At the Energy Innovation 2010 conference I attended last month, Assistant Secretary for Energy Efficiency Cathy Zoi said something that I found very interesting about Obama's economic stimulus package: "With 7,000 projects nationwide under management, the mystery of green jobs has dissipated... if we can communicate it effectively"
The conditional statement by the former head of Gore's We campaign signaled to me that the Administration recognized that more work was needed to not only sell the public on the benefits of the overall stimulus package, but specifically the energy innovation-related funding.
On this challenge, the White House could not have been happier with the front page spread at the Metro section of the opinion-leading Washington Post this past Saturday. Headlined "Obama gets a crystal clear-clear view of economic stimulus' effects," the article spotlights a trip that Obama made to suburban Maryland's Thompson Creek plant.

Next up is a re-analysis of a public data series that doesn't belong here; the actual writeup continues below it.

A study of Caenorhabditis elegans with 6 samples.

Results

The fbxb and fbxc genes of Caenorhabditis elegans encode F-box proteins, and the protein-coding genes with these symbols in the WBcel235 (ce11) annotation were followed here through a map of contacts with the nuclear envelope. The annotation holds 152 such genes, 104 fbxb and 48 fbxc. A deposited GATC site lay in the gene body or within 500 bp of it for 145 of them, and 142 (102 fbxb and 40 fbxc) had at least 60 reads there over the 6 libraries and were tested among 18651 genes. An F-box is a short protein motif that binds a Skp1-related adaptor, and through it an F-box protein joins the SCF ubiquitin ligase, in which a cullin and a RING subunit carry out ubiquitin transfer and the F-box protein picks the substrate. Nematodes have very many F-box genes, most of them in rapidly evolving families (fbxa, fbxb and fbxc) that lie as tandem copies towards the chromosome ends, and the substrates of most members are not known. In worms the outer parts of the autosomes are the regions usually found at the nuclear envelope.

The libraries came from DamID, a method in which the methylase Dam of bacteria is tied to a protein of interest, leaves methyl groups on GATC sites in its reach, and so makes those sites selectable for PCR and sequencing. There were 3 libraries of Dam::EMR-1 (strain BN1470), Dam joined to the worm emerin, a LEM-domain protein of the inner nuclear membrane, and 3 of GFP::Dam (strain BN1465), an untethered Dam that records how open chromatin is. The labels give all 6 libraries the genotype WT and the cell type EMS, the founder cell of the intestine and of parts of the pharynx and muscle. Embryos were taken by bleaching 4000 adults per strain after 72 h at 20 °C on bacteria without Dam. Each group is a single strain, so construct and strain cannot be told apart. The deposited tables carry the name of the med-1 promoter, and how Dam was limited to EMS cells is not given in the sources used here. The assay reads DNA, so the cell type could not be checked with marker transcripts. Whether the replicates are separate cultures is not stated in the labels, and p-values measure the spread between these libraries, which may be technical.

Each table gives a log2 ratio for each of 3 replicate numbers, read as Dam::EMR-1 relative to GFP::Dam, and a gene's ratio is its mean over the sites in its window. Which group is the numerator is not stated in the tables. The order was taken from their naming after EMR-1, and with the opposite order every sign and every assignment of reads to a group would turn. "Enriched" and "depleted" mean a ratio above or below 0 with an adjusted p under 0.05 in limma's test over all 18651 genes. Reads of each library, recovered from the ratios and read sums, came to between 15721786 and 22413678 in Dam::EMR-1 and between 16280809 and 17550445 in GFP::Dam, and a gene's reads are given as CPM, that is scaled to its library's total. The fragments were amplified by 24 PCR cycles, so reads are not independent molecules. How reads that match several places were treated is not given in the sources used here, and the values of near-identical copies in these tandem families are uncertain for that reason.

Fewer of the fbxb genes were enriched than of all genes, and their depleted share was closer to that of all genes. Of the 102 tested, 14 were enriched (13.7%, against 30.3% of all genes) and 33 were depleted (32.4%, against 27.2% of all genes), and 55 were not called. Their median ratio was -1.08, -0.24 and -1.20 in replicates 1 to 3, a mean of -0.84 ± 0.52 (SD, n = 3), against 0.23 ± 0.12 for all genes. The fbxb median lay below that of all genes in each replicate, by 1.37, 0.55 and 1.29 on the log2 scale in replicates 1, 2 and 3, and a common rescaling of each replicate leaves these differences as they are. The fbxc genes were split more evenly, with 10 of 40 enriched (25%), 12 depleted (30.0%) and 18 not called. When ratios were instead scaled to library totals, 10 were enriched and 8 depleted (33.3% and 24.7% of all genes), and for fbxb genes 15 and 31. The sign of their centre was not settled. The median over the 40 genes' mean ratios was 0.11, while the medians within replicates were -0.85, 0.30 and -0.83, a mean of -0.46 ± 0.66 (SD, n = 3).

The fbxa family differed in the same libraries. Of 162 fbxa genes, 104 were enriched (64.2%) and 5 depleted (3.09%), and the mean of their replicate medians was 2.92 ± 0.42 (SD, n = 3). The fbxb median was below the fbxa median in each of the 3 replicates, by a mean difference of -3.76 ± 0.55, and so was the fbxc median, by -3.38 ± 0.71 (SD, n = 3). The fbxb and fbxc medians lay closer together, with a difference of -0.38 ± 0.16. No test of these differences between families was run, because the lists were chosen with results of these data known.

The family owned window manufacturer has benefited from booming sales, driven by Obama's tax credit for home energy improvements. The firm currently features 16 job openings on its Web site and has hired more than 80 people under a separate Obama incentive program that rewards employers who bring on people who have been laid off.
This type of localized communication strategy--communicating the regional benefits of a national program-- is what is needed more from the Administration. Only if there were more time to put Obama, Biden, and other Administration VIPs on the road.
The downside is that as I wrote last week, the revised tax breaks for home energy improvements, given their reduced financial returns, are not likely to generate nearly as much local news or public attention. With reduced financial stimulus will come reduced communication stimulus on the issue of energy efficiency.